Building Crews With Culture, Competence & Opportunity For All (Production Live! Panel Recap)



Alex Rodrigo, Sacramento Kings and Golden 1 Center

Tina Farris, Tina Farris Tours
Jahn “Boxer” Hardison, Bigger Hammer Production Services
Mike Tully, Instawork
Gloria Vega, LA Stagecall

It’s almost hacky at this point to say “The pandemic changed everything.”

But truisms become that way by being true.

Stuck at home for two-plus years, many production industry vets — from the riggers and grips and sound techs and lighting folks that make shows happen on the ground, all the way to production managers — said life on the road was their past and something a little more sessile is their future.

Ultimately, that means there’s room for new blood, new ideas, new people, but it also means — for good or ill — the long-term culture of those jobs is in a position to be re-invented.

The speakers at the first panel of Production Live! at Pollstar! Live 2023 at the Beverly Hilton agreed its critical to view this watershed moment as an opportunity.

“There’s always time to bring someone in and this is a prime opportunity to bring someone in. This is the time to staff up,” Tina Farris of Tina Farris Tours said.

Casting a wide net — making sure the future understands this is an industry for everyone, that it doesn’t necessarily require a four-year college degree or prior experience — will ultimately benefit everyone. But, as Gloria Vega of LA Stagecall said, opening doors isn’t something that’s been the norm historically.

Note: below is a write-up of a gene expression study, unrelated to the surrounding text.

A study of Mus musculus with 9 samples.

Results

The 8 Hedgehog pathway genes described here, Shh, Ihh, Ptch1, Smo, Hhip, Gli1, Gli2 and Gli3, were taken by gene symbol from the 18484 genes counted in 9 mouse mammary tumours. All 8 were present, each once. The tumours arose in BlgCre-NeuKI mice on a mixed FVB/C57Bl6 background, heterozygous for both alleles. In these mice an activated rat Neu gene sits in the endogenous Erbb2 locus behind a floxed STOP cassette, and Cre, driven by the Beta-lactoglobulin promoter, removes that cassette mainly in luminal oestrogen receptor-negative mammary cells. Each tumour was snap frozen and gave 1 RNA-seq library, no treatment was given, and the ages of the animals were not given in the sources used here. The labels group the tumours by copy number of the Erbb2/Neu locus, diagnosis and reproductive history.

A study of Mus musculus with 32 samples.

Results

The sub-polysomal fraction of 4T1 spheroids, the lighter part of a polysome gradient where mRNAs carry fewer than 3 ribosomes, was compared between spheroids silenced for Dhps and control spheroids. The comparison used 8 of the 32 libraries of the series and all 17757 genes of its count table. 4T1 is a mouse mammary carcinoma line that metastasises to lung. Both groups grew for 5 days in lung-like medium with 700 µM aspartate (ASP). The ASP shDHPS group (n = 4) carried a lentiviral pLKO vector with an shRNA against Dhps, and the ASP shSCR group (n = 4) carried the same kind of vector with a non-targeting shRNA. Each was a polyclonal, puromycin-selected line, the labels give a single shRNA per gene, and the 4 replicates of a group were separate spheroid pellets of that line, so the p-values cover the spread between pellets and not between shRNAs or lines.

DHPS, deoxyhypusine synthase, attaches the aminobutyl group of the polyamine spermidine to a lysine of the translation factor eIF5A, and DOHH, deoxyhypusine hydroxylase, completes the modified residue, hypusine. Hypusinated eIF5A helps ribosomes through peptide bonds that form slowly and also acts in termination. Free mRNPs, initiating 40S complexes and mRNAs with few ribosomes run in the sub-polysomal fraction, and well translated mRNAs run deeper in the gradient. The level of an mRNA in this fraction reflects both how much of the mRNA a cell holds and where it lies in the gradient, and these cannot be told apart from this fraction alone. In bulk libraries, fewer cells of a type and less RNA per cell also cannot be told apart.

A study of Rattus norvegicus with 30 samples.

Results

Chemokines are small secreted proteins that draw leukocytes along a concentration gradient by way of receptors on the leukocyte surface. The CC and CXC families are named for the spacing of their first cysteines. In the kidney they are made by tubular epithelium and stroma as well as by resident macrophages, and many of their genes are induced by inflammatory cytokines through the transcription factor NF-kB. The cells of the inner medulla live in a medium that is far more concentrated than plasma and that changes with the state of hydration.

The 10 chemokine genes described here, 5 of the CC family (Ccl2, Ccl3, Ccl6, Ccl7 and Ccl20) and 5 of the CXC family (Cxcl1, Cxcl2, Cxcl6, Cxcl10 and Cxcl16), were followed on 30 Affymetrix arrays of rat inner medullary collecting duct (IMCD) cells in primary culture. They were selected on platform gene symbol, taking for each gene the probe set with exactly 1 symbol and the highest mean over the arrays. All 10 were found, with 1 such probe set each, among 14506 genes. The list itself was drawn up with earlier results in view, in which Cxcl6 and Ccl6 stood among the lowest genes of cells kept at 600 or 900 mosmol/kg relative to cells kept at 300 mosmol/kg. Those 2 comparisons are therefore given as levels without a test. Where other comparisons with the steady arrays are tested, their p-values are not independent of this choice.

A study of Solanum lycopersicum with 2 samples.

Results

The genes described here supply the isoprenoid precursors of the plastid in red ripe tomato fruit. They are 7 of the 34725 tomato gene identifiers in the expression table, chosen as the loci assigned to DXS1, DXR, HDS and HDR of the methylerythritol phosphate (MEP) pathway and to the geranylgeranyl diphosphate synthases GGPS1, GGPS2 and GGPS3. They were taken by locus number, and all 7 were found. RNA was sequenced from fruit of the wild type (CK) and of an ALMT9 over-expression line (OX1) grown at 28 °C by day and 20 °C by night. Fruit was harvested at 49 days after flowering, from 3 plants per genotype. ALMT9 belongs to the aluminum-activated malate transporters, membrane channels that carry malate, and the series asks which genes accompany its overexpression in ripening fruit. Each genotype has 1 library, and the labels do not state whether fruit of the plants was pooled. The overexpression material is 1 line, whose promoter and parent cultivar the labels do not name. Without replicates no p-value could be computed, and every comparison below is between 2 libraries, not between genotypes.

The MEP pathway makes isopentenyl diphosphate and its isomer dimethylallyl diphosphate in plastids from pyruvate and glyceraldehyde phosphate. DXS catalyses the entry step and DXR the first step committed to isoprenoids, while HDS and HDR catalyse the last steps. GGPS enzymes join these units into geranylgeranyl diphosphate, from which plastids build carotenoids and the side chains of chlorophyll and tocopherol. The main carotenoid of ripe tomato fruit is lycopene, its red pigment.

“We are in an echo chamber,” she said. “Someone has to be patient, show them what they can do. It may not be college. We had wood shop or auto shop in high school, schools can open up programs. There’s a way we can come together to figure that out.”

Farris said “this isn’t that deep,” it just requires the right partners to get together to figure out where the next generation will come from.

Jahn “Boxer” Hardison said he got his start working with Black artists and women artists, but that the production crews didn’t reflect that, being made up of overwhelmingly white men. He said those white men who got their start, like him, in those spaces, need to pay it forward.

But the labor pool has different expectations now, too; something else for production managers and hiring managers to consider. It’s not just those industry vets who decided they preferred a more consistent lifestyle that was less sporadic and more home-based, rookies have those expectations, too.

The era is over where it was “normal” for a hiring manager to cut half the workers loose after a half-day, even after having promised two weeks of 12-hour days.

“The good [production managers] care about the people who work for them and schedule people and treat them well,” Hardison says, “And they communicate and set expectations close to reality.”

Hardison said a way to bridge the gap between the vets that did the jobs for so long and the new generation crafting a newer culture is to use those retired or semi-retired folks in mentor roles; they no longer need to go on the road, but they can guide before the tour begins.

All of these factors, ideally, would build a more representative, more diverse work force. Technology, Instawork’s Mike Tully noted, can help join the two sides of the labor market — hirers and the eager — and give potential future experts a chance to see if the industry really is for them.